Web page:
AN International Monetary Fund (IMF) mission to Zimbabwe has extended by a day key talks on the southern African nation’s debt arrears which could lead to its expulsion from the lending body.
“We have decided to continue the talks tomorrow (Tuesday) and after they are co
ncluded, the mission will remain in Zimbabwe until Friday,” an IMF spokeswoman in Washington told AFP.
She said the team “will finalise their final report that will be put before the board before its meeting on the September 9”.
Zimbabwe’s Finance Minister Herbert Murerwa earlier yesterday said week-long talks with IMF, which is mulling expelling Harare for debt arrears, were by no means over.
“The talks are continuing,” he told AFP after meeting with IMF officials. “When we are finished, we will let you know and issue a statement.”
Officials from the lending arm of the World Bank began talks with Zimbabwean officials last Monday over debt arrears totalling $US300 million dollars (about $7,2 trillion) million).
Murerwa refused to comment on a South African media report suggesting that Zimbabwe would be given until September 9 to pay or face the boot, saying: “How can they say that when we are still talking?”
South Africa earlier this month agreed to step in with a loan to ensure that its neighbour retained its IMF membership.
Talks held in Pretoria recently reportedly yielded a tentative agreement on a loan of between $US200 to $US500 million including about $US100 million to be paid to the IMF.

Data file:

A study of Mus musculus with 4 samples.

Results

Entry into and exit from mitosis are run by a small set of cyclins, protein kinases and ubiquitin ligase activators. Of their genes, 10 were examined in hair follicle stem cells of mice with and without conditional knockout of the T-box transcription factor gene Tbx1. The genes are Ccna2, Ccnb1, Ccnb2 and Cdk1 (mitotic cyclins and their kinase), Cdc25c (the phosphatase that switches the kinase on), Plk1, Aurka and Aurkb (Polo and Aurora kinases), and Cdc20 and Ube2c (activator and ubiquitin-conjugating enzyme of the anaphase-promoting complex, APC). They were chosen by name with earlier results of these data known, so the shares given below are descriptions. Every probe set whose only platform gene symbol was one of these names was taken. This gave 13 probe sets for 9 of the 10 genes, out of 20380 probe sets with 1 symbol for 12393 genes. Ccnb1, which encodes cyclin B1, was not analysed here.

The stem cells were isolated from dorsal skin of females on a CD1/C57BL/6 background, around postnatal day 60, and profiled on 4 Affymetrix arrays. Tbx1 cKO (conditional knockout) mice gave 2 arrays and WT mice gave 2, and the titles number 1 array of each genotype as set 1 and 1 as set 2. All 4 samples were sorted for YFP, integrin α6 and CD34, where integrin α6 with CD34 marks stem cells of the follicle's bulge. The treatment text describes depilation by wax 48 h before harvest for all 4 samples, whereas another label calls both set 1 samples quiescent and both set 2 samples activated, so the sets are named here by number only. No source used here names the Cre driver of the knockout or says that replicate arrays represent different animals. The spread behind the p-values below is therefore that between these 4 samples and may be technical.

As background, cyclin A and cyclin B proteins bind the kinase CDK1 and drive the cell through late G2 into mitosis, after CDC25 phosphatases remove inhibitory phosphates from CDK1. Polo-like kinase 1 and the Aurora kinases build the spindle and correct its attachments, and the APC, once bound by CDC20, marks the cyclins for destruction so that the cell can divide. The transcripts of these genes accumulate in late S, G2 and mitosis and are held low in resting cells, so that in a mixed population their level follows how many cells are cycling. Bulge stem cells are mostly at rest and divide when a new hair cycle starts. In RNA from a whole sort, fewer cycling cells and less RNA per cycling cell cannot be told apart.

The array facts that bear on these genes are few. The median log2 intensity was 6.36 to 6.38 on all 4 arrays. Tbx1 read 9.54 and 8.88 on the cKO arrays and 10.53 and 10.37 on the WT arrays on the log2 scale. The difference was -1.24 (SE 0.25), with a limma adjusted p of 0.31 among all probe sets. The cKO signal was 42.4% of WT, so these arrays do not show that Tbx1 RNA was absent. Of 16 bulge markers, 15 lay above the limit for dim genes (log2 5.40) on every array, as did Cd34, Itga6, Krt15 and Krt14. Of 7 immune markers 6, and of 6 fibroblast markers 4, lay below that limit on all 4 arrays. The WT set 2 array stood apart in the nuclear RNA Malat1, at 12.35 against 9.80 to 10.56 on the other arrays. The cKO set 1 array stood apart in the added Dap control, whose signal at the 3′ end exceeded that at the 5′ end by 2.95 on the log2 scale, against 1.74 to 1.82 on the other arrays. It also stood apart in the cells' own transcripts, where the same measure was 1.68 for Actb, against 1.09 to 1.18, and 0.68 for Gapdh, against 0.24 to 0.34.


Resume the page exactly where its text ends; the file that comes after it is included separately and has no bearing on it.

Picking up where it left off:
A source in the IMF mission in Harare told AFP that the talks were not only about repaying the money but also focussed on IMF demands that Harare limit and restructure public spending.
“It’s not only payment but policies as well,” the source said.
Zimbabwe’s economy has shrunk by 30 per cent in the past four years after the seizures in 2000 of about 4500 white-owned commercial farms which sent agricultural production plummeting.
President Robert Mugabe’s government has blamed drought and sanctions by the European Union and the United States for the country’s economic decline, characterised by triple-digit inflation and high unemployment.
Murerwa recently presented a supplementary budget to pay wages, import food and build new housing, after admitting that targets for economic growth and inflation would be missed.
Inflation, already hovering at 164,3 % in June, shot up to 254,8% in July, dealing a blow to the government’s goal of bringing inflation down to 80 % by year end.
The government is also spending on a housing reconstruction in the wake of an urban cleanup campaign in which shacks, market stalls, shops and homes were demolished.